Wes has been away from Black River ever since the riot. He grew up in this small Montana town, encircled by mountains, and, like his father before him and most of the men there, he made his living as a Corrections Officer. A talented, natural fiddler, he found solace and joy in his music. But during that riot Bobby Williams changed everything for Wes undermining his faith and taking away his ability to play.
How can a man who once embodied evil ever come to good? How can he pay for such crimes with anything but his life? As Wes considers his own choices and grieves for all he s lost, he must decide what he believes and whether he can let Williams walk away.
With spare prose and stunning detail, S. M. Hulse drops us deep into the heart and darkness of an American town."
Publishers Weekly® Reviews
- Reviewed in: Publishers Weekly, page .
- Review Date: 2014-10-27
- Reviewer: Staff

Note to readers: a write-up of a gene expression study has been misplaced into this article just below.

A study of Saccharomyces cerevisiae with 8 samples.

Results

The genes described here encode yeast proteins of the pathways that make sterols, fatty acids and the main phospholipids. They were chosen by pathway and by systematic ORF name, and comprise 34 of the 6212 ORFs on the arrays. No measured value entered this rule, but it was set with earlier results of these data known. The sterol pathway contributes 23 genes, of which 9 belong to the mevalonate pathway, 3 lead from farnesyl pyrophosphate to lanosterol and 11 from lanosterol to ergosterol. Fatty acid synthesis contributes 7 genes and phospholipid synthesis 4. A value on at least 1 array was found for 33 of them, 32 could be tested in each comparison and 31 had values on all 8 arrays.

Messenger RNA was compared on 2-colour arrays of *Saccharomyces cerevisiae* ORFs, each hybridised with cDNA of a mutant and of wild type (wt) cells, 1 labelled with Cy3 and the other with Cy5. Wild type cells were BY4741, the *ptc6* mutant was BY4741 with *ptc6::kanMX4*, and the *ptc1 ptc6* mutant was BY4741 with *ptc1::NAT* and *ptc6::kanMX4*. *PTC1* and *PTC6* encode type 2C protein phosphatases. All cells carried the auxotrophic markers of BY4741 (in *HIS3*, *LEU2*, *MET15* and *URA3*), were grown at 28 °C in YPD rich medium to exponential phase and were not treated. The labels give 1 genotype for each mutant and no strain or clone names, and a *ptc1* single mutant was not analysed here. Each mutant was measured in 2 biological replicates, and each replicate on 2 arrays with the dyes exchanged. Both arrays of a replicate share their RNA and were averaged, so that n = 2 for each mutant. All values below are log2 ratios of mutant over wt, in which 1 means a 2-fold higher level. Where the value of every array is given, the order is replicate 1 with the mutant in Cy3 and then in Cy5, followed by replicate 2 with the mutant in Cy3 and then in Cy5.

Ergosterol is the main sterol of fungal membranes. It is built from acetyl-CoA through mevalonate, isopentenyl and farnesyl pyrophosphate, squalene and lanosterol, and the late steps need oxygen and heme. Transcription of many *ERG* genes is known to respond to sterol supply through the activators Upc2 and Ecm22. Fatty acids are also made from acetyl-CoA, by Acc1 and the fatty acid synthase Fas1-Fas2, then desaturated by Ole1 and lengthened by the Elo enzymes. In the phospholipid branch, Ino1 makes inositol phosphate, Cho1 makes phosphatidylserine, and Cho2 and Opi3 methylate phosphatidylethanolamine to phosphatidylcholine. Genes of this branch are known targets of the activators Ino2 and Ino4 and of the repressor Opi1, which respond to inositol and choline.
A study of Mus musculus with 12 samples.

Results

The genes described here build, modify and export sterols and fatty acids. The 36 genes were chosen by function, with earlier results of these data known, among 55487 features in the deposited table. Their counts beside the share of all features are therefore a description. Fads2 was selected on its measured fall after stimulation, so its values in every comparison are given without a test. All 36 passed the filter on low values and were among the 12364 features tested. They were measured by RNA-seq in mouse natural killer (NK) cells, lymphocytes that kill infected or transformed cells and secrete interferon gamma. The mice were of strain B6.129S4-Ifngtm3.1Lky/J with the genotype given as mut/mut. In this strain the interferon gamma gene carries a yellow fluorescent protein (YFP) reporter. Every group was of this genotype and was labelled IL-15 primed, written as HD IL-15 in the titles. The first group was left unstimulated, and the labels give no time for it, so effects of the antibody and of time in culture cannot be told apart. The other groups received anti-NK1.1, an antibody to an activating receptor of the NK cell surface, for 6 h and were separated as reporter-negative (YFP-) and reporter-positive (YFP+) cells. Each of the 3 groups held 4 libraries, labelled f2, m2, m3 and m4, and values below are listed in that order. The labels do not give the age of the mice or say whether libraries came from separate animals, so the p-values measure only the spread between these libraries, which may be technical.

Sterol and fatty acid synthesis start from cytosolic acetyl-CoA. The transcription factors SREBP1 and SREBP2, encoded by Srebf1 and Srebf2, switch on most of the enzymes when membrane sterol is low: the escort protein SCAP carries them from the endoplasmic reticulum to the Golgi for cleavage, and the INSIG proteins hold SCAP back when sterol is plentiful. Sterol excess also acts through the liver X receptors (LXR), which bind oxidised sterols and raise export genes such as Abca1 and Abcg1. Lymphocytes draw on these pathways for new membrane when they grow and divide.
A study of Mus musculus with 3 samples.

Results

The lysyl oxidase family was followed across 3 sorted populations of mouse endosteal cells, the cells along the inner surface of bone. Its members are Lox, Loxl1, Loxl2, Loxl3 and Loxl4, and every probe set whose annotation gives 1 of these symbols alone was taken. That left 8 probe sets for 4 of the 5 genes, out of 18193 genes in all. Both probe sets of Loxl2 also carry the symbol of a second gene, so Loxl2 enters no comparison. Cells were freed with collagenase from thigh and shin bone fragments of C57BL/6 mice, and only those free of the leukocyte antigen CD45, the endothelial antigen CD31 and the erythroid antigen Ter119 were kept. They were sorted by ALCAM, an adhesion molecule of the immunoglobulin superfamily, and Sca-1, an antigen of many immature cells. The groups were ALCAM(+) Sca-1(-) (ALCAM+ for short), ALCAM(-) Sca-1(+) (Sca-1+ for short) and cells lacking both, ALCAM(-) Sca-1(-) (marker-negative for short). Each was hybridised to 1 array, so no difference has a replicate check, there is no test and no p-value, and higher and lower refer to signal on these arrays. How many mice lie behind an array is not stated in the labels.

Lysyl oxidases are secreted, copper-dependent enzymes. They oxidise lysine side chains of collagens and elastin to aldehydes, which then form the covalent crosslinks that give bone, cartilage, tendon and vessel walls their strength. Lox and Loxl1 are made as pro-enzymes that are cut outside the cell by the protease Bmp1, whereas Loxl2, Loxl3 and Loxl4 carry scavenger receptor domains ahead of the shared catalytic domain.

This top-of-the-line modern American Western debut explores the themes of violence, revenge, and forgiveness with a sure hand. Security guard Wes Carver, age 60, lives in Spokane, Wash., with his wife, Claire. When she dies after a lengthy battle with leukemia, he fulfills her request to transport her ashes to their first home of Black River in the Montana outback. His 34-year-old stepson, Dennis Boxer, a successful farrier, puts up Wes at the old homestead despite the history of acrimony between the two men. Black River is a “prison town” where the majority of its residents are employed by the Montana State Prison operating there. Two decades before, when Wes lived in Black River and worked as a correctional officer, a prison riot erupted, led by sadistic thug Bobby Williams, and Williams tortured the captive Wes for 39 hours before rescuers arrived. Williams, who has been a born-again Christian and model inmate since the riot, is coming up for parole, and Wes intends to speak in opposition to it. Meantime, Wes, also a man of faith, has a moral struggle over accepting the sincerity of his former tormentor’s religious conversion. Events take a darker, more tragic turn before any hope for a resolution can arise. From the bluegrass theme to the Western rural setting, Hulse handles his story like a pro. (Jan.)